Rupert Hargreaves
Articles (1342)  | Author's Website |

Warren Buffett on Discount Rates: Stick With What you Know

Buffett's thoughts on the use of discount rates in valuation calculations.

October 20, 2020 | About:

In a previous article on Warren Buffett (Trades, Portfolio), I covered some comments the Oracle of Omaha made in the past about the discount rate he used to calculate the intrinsic value of a company's cash flow.

In the article, I noted that Buffett liked to focus on companies where he believes cash flow is predictable. That way, it is easier for him to project future cash flows as there is less uncertainty about whether or not a business will earn a certain level of cash going forward.

I wanted to dig into this subject a bit more and explore what specifically Buffett is looking for in a predictable investment and how it influences his value assessment.

Buffett on discount rates

The CEO of Berkshire Hathaway (NYSE:BRK.A) (NYSE:BRK.B) gave us some more insight into his strategy at Berkshire investors' 1994 annual meeting. He compared two different businesses, a water company, "which is going to be around for 100 years," and a high tech company.

Buffett noted that the cash produced by these two businesses is no different. Cash is cash. However, it would be harder to estimate a high growth tech company's cash flow in the future than the water company. He went on to add:

"And you may, therefore, want a bigger discount when you get all through with the calculation. But up to the point where you decide what you're willing to pay — you may decide you can't estimate it at all. I mean, that's what happens with us with most companies."

Many analysts believe it is appropriate to use a higher discount rate to analyze growth businesses. For example, some analysts might demand a 10% discount rate on small-cap growth stocks but just a 3% discount rate for high-quality blue-chip stocks.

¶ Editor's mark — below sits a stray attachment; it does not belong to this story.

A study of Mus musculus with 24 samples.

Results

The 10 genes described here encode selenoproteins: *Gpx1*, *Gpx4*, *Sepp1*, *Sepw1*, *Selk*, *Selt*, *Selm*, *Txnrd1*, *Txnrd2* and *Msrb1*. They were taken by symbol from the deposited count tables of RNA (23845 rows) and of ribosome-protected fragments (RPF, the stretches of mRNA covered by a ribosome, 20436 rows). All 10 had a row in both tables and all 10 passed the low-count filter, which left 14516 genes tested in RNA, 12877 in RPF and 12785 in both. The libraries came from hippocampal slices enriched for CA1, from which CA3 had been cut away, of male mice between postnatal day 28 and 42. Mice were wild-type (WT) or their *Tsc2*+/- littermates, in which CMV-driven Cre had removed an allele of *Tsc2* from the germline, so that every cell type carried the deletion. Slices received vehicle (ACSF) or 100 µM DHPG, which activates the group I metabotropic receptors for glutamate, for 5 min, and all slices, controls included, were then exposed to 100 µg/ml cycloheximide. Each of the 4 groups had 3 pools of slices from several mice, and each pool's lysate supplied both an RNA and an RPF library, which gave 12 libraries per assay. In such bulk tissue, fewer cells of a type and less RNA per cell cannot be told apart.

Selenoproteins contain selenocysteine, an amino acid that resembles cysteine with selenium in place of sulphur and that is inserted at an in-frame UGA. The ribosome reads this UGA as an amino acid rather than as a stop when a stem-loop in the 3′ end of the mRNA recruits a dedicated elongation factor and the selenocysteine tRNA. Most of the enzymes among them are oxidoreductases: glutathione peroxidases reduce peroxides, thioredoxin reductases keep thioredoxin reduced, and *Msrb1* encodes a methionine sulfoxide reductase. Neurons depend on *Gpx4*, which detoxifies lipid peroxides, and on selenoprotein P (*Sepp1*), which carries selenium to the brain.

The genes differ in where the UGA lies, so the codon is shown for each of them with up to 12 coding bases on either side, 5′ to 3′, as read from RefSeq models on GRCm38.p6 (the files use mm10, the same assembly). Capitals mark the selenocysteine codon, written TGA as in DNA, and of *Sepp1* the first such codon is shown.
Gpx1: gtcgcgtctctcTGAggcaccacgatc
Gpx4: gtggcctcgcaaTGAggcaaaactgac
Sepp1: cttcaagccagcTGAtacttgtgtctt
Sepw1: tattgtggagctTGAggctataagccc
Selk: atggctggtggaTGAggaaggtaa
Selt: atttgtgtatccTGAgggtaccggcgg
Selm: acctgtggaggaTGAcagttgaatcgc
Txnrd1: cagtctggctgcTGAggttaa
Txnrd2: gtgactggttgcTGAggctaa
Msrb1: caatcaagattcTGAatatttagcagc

In 1994, Buffett explained that this approach did not make much sense to him. In fact, he thought that it was "playing games with numbers" because if you don't understand a business in the first place, increasing the discount rate won't make up for this lack of understanding. As the Oracle of Omaha stated:

"So, we want to stick with businesses we think we understand quite well, and not try to have the whole panoply with all different kinds of risk rates, because, frankly, we think that'd just be playing games with numbers. I mean, we — I don't think you can stick something — numbers on a highly speculative business, where the whole industry's going to change in five years, and have it mean anything when you get through. If you say I'm going to stick an extra 6% in on the interest rate to allow for the fact — I tend to think that's kind of nonsense. I mean, it may look mathematical. But it's mathematical gibberish in my view."

Instead, he noted, investors should stick with businesses they can understand and use the government bond rate, rather than playing around with different figures to try and make a company they don't understand look cheap.

Based on current Treasury yields, Buffett's framework suggests investors should be using a prospective discount rate of 4.53% to 3.74%. This low discount rate does not leave much room for error. Nevertheless, it seems appropriate for predictable businesses in the blue-chip space in the current interest rate environment.

However, when used with the wrong business, this low discount rate could produce a far too optimistic valuation, which could lead to losses in the long term.

Unfortunately, blue-chip companies that look cheap based on this discount rate are few and far between. That's why it's sensible to load up when they appear and make the most of the opportunity.

Disclosure: The author owns shares in Berkshire Hathaway.


Rupert Hargreaves
Rupert is a committed value investor and regularly writes and invests following the principles set out by Benjamin Graham. He is the editor and co-owner of Hidden Value Stocks, a quarterly investment newsletter aimed at institutional investors.

Rupert holds qualifications from the Chartered Institute for Securities & Investment and the CFA Society of the UK. He covers everything value investing for ValueWalk and other sites on a freelance basis.